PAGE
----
More than 3.8 million Americans live with Autism, and it is estimated that 1 in 68 children will be diagnosed as being on the spectrum. While the general myth is that autism is a male-dominated condition, new research shows that this may not be true.
Currently, the ratio of males to females diagnosed with autism is 4:1. But the late Lorna Wing set out in her life to prove that just because women are less likely to be diagnosed with autism, doesn't mean they're less likely to live with it.
Wing studied how each gender interacts with autism, and how assessing autism in patients has become dependent on looking at male-centric traits. Women who do struggle with autism have expressed their dissatisfaction in how the condition is diagnosed, saying there needs to be a change.
Currently, autism spectrum disorder (ASD) is characterized by deficits in "social communication and interaction, allied to restricted repetitive behaviors and interests."
So what is it that has women frustrated by this equation?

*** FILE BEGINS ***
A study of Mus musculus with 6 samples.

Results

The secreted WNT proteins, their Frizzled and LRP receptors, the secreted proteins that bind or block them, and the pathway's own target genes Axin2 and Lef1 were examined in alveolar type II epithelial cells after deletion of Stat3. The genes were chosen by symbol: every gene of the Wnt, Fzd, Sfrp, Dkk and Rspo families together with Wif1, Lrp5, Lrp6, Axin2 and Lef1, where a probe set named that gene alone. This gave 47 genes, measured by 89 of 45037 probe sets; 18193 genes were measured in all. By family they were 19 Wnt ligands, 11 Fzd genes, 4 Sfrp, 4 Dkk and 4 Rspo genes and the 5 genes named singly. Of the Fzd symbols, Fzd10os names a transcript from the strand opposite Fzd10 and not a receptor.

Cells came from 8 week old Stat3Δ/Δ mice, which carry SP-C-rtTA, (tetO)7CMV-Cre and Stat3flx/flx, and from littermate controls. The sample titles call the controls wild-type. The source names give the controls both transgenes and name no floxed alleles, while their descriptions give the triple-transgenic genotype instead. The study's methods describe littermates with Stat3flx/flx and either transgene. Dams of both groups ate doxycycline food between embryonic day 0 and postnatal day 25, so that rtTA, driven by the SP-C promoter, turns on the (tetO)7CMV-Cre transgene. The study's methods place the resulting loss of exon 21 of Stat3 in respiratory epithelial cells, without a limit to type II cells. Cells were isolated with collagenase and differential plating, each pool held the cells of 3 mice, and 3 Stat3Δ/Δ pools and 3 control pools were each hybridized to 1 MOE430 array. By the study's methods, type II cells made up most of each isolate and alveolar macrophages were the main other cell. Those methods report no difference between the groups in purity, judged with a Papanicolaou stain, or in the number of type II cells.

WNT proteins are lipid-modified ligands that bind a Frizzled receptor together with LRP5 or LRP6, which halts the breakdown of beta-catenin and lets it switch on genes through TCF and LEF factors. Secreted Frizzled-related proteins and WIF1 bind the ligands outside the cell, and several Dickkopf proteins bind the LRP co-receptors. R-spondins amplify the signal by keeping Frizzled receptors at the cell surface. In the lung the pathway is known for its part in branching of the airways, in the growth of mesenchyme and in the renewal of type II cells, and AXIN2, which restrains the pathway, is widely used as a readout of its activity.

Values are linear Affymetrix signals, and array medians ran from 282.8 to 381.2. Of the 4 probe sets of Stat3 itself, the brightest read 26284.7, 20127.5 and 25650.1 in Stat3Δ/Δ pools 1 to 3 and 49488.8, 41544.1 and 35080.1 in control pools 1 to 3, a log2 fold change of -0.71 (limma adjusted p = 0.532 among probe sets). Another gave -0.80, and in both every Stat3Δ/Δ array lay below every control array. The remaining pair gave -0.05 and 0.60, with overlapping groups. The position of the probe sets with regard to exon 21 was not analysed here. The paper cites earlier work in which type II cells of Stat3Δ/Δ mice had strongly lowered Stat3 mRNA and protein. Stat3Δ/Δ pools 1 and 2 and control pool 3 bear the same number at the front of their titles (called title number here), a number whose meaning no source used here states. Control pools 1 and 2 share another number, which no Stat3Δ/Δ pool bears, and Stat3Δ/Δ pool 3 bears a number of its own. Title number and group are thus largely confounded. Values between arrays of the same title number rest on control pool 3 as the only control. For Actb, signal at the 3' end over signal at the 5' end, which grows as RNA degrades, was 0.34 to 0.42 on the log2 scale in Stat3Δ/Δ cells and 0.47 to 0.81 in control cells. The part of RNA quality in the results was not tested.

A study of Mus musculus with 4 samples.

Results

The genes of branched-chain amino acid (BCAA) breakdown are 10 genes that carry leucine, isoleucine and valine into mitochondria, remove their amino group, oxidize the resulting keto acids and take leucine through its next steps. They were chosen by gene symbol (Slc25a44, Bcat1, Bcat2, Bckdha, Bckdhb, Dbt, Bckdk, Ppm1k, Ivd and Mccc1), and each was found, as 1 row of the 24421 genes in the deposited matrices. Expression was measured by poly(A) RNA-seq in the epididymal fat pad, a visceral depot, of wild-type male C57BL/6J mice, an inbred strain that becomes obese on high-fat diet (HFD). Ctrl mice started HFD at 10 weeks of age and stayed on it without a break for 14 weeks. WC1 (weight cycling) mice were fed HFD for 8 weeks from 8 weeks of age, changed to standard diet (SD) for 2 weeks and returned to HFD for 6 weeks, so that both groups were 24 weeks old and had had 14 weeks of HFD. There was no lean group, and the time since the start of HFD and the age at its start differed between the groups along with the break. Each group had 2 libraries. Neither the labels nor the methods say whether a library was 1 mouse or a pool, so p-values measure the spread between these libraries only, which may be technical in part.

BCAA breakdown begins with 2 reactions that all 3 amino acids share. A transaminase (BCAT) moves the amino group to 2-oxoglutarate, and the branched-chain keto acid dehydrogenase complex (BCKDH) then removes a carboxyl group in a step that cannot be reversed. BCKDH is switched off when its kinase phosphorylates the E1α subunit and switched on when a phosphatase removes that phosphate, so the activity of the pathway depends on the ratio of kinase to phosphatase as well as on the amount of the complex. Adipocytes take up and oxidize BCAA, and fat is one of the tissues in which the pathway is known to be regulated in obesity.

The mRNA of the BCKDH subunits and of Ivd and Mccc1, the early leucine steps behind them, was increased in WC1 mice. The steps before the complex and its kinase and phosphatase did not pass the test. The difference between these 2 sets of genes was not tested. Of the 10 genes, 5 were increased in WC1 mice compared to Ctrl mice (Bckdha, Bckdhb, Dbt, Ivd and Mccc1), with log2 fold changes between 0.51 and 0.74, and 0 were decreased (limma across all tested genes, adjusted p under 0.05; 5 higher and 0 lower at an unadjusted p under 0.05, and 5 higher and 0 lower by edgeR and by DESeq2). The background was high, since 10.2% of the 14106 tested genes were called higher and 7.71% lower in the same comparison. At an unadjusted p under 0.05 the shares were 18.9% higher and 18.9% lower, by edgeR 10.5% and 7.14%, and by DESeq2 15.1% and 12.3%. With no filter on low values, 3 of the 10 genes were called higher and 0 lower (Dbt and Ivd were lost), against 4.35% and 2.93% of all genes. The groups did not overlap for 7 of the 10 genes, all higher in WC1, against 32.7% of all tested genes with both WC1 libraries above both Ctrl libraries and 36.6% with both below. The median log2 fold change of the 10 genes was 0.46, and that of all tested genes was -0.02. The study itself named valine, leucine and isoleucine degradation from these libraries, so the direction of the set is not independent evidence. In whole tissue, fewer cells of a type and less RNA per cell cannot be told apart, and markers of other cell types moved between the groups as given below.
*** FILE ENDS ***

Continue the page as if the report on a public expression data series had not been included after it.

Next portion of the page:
The research notes that girls have fewer 'special interests' than boys, or the interests they have still line up with those who are not on the spectrum. Girls are also inherently more sociable than boys, even if it's superficial, so it can be hard to diagnose social awkwardness.
"This is deeply troubling, as it means that autistic women have to exert an extraordinary amount of energy in social situations, often ending up exhausted, stressed and feeling as though no-one truly understands them," says Tiago Pinto, a clinical psychologist.
With all of this in mind, the researchers make a strong case that girls are able to mask their autism more easily, thus making it harder to diagnose.
So how do we fix it?
Wing and her researchers believe it's time to stop diagnosing autism using a series of check boxes. The guidelines given by the World Health Organization don't outline the potential difficulties experienced by women and girls who are living with Autism Spectrum Disorder.
They suggest medical practitioners observe patients in different social situations to see how they react, as well as knowing the signs of camouflaging.
"The simple fact is that more needs to be done so that thousands of women and girls don't struggle unnecessarily without the care and support that they need," says Pinto.
Do you agree that the ASD diagnosis process is not geared towards helping women? Let us know.